My factors:

Treatment: Between-subjects factor (3 levels)

Exposure Time: Within-subjects repeated measure (4 levels - pre-exposure values not included)

Treatment x Time Interaction:

Response over time to treatment effect (3 levels). Pre-test (time zero) values were not included in the ANOVA

Error bars = Standard deviation

My ANOVA results: Sphericity was taken into account: p = 0.25. Adjusted values told the same story.

Both main effects, 'Treatment' and 'Time' were significant. Treatment effect had a large effect size (0.4). (sensu Cohen) Time, isn't really that interesting on its own, had a small effect size (0.08) The interaction was not significant (p = 0.3) and had a tiny effect size (0.04).

My problem: The graph appears to show that one of the treatment levels interacts with exposure time (fig. d). (ie the lines are not all parallel from day 4 - 14) The ANOVA results however suggest that that the difference between treatments persists (the lines remain parallel). I have looked at pairwise comparisons within levels of the main effect.

My question: I am tempted to included post-hoc comparisons to compare treatment levels at each time interval to show that the difference between groups disappears on day 11. Does this defeat the purpose of running an ANOVA, which clearly tells me that I should just state that there was a main effect (ie the treatment groups remained different in fig d). I therefore shouldn't really fish around for significant differences.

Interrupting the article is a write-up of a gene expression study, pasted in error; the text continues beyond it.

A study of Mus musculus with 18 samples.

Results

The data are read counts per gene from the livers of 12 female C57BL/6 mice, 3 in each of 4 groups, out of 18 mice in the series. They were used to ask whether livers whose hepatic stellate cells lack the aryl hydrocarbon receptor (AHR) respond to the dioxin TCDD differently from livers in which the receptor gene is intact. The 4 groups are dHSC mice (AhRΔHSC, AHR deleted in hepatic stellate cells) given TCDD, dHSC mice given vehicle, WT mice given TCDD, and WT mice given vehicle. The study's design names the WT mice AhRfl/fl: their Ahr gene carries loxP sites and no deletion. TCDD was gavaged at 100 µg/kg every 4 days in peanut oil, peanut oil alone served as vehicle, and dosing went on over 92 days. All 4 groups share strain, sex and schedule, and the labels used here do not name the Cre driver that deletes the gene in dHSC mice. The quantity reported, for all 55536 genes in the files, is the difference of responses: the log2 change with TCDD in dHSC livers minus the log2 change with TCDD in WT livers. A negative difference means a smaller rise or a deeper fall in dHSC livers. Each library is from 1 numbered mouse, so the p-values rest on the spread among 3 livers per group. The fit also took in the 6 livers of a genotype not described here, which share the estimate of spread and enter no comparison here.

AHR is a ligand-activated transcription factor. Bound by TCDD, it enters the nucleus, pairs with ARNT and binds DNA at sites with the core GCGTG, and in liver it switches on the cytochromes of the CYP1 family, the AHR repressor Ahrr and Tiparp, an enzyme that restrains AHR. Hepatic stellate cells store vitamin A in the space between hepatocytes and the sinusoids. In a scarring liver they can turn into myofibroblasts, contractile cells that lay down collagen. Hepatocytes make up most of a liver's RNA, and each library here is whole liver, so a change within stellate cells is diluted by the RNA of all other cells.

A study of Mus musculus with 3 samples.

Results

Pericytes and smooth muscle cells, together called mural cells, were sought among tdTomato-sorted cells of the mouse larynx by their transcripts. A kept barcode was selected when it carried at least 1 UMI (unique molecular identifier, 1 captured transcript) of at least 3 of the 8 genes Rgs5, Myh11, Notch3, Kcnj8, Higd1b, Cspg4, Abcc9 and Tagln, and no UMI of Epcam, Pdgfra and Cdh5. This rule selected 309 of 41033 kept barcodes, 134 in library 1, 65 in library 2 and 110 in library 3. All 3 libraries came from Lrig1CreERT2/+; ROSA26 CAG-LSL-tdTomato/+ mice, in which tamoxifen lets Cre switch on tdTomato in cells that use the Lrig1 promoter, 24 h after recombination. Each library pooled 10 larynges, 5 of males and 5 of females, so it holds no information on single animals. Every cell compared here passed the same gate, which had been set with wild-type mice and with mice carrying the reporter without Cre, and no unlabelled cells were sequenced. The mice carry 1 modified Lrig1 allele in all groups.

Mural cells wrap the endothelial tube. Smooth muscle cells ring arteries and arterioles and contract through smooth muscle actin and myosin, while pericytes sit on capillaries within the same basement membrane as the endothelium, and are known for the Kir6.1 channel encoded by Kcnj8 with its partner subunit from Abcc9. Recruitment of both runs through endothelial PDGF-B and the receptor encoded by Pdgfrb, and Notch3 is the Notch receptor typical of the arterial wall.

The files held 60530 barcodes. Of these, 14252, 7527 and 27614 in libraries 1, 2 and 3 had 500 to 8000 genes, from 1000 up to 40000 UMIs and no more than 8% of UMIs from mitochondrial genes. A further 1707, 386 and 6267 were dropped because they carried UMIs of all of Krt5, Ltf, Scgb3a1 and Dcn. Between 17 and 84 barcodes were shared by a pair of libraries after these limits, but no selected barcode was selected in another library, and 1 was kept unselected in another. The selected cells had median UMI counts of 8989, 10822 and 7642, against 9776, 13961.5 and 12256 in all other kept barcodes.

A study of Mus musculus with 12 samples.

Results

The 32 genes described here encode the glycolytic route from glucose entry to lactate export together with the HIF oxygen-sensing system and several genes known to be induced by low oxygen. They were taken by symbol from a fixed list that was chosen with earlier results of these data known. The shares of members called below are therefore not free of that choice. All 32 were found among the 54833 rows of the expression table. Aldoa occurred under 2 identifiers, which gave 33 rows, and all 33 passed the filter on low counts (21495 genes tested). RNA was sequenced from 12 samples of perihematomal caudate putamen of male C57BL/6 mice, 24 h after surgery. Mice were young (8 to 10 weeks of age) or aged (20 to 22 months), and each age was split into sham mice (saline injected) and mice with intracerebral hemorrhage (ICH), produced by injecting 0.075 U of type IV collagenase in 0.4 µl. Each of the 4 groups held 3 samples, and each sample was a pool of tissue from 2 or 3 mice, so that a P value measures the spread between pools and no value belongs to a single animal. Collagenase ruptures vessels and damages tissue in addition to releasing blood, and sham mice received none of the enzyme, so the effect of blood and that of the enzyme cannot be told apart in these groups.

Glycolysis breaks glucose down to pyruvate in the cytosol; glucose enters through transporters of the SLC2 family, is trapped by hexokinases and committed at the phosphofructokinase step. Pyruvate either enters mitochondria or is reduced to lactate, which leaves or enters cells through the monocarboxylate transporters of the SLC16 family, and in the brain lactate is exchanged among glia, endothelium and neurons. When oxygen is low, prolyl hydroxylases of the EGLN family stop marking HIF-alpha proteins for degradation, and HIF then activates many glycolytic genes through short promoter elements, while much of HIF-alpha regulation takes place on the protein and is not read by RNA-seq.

The literature that I'm comparing my work to employs ANOVA, but then also puts pairwise comparisons all over the place. I'm a fan of effect sizes, rather than p-values, so feel justified to just highlight the main treatment effect.

My main conclusion could be very different depending on whether I go with the ANOVA (ie no interaction -> no recovery) or whether I include pairwise comparisons at each time point (partial recovery).

Side note: Mixed effects models in lme gave the same result. I stuck with ANOVA as my audience is more likely to relate to it.

Thanks for the feedback.


I am tempted to included post-hoc comparisons to compare treatment levels at each time interval to show that the difference between groups disappears on day 11

I don't think you should do this. After all, ANOVA said that the interactions are not significant. The only thing I see in plot (d) is that on day 0, there does not seem to be a difference between Treatment and Control. But you probably already knew this. Just report the main effects, and file the rest under "Speculations".